Living on auto-pilot or living with clarityLiving on auto pilot

On our NLP courses we also explore a number of ‘non-NLP’ concepts.

And we then use NLP to ‘model’, or unpack and examine, these because

  1. They are valuable life tools
  2. Using NLP to figure out how they work demonstrates that there’s a lot more to NLP than a few techniques.

10% New

Take for instance one of our favourite ‘quick insights’ – The 10% New Model. Ar first glance, there doesn’t seem to be a lot to this little model yet people who adopt it as an attitude report that it can be life changing…

(See also: Beware of what you get used to, too)

Avoiding ‘being stuck in a rut’

The idea is that you avoid getting into a rut with your life or your work by introducing frequent small changes i.e. 10% New so that we are living with clarity – with awareness of when it’s useful to be on auto-pilot and when it may be best to switch to ‘manual control’ – to choice-ful living.

The alternative to 10% New is what a lot of us do. We allow ourselves to get stuck in a rut. We allow ourselves to get set in our ways. We allow our lives to become routine, tedious, samey, predictable:

  • It’s Monday so I go to work
  • It’s Wednesday – I go out with my friends
  • It’s Friday – time to eat out in that restaurant
  • It’s Saturday – we do the shopping
  • It’s holiday time – we go to the same destination every year, stay in the same hotel, go to the same places….

Living efficiently – on ‘auto pilot’

We’re on autopilot. And this is a very efficient way of living since we don’t have to think about things. We are living on auto pilot – lazily and efficiently!

But it can be tedious and, over the years, the brain stops thinking afresh.  It is also very attractive — because auto-pilot living appeals to our innate laziness.  Lots of sameness means no need to No need to think, stretch, plan.

And sameness means safe and cosy. Just effortlessly go from one thing to the next.

Efficient it may be but there is an insidious downside to a life of sameness – to living our lives in our Comfort Zone.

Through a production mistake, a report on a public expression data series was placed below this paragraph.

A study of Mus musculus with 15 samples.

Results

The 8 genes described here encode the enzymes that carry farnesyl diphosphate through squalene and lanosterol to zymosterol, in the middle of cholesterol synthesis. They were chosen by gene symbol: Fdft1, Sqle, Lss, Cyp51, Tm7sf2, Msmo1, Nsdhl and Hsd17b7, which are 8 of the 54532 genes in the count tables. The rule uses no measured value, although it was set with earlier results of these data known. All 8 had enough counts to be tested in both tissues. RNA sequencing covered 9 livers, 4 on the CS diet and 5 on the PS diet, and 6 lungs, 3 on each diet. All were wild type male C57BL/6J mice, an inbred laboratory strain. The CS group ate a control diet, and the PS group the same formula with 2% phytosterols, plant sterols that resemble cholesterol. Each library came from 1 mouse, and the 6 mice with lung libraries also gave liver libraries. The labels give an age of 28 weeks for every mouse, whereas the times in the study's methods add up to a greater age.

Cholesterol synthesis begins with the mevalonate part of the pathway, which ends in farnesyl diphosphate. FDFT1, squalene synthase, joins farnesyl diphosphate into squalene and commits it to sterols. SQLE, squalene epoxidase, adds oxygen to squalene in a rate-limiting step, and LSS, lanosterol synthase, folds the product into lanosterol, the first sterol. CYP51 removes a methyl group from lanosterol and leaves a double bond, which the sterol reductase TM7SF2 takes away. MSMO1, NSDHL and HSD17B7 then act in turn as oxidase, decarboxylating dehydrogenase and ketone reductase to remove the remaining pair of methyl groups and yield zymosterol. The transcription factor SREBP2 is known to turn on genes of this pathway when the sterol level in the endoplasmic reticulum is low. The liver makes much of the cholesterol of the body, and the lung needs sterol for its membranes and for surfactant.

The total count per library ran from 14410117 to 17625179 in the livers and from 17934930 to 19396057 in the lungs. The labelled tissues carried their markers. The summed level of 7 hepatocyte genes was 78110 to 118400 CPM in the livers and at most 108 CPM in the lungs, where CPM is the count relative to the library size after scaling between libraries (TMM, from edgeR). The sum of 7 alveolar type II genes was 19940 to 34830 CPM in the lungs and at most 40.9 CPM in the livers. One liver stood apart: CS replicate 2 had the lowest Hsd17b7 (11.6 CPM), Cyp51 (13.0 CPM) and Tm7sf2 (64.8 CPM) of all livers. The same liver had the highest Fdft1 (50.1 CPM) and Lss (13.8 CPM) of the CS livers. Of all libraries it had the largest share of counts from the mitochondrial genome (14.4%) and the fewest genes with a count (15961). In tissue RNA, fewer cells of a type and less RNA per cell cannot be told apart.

The downside is that if you spend a lot of your life in your Comfort Zone, and little of your time in your Stretch Zone, the unusual becomes scary – anything out of the ordinary becomes unpalatable; even things you want to do such as going on holiday, going for a new job, exploring new food, making new friends, etc.

Beware of what you get used to

You become so used to the comfortable prison of your Comfort Zone that you shun newness.

This is one of the reasons why so many elderly people get “set in their ways”, reject newness, hate the unexpected, and get stressed by anything that’s out of the ordinary!

And they don’t suddenly wake up one morning with this attitude;  they have been developing it since their 20s or 30s.

It’s worth thinking about…


4 thoughts on “Beware of what you get used to”

  1. As someone who is acting as a part-timer carer for my parents, I find this one can be a killer….I end up living in THEIR very limited comfort zone. If I don’t do the exact same things for them on the exact same day of the week, at the exact same time, they become anxious, agitated and upset. It’s a challenge not allowing my own life to become smaller and smaller as a consequence. Without NLP I might not have the tools or the self-awareness to stop this happening. 10% stretch for me is thinking/doing something/behaving in a new way every day, taking a few risks, doing something just because I want to (something I used to think was too selfish even to contemplate!), and modelling people who are generally happy and optimistic!

  2. I once had a friend who described her life as being ‘stuck in a fur lined groove’ – and that can all too often sum it up. 10% new is such a great concept – I can’t believe how much wider my comfort zone has become in the last year from just that simple concept…..Now off to prepare slides for my Thursday audience of 70+. Am I nervous? Not really – I had 100 last week, and that was fine, in the end.

    Thank heavens for expanding comfort zones

  3. Hi Clare: That’d certainly be a stretch for me – to have to adhere to parents’ strict agenda. Even though it is their way of handling things.

    Have you tried a mixture of very small deviations from their norm mixed with gentle humour which enables them to see the funny side on their timetables?

    Not easy, I’d agree. Only things is that, if you follow their strictures, you’re rewarding these and therefore they are likely to become even more inflexible.

  4. Hi Caron: I love people who can come up with such evocative descriptions – “stuck in a fur-lined groove”. Wonderful. And, at the same time, scary.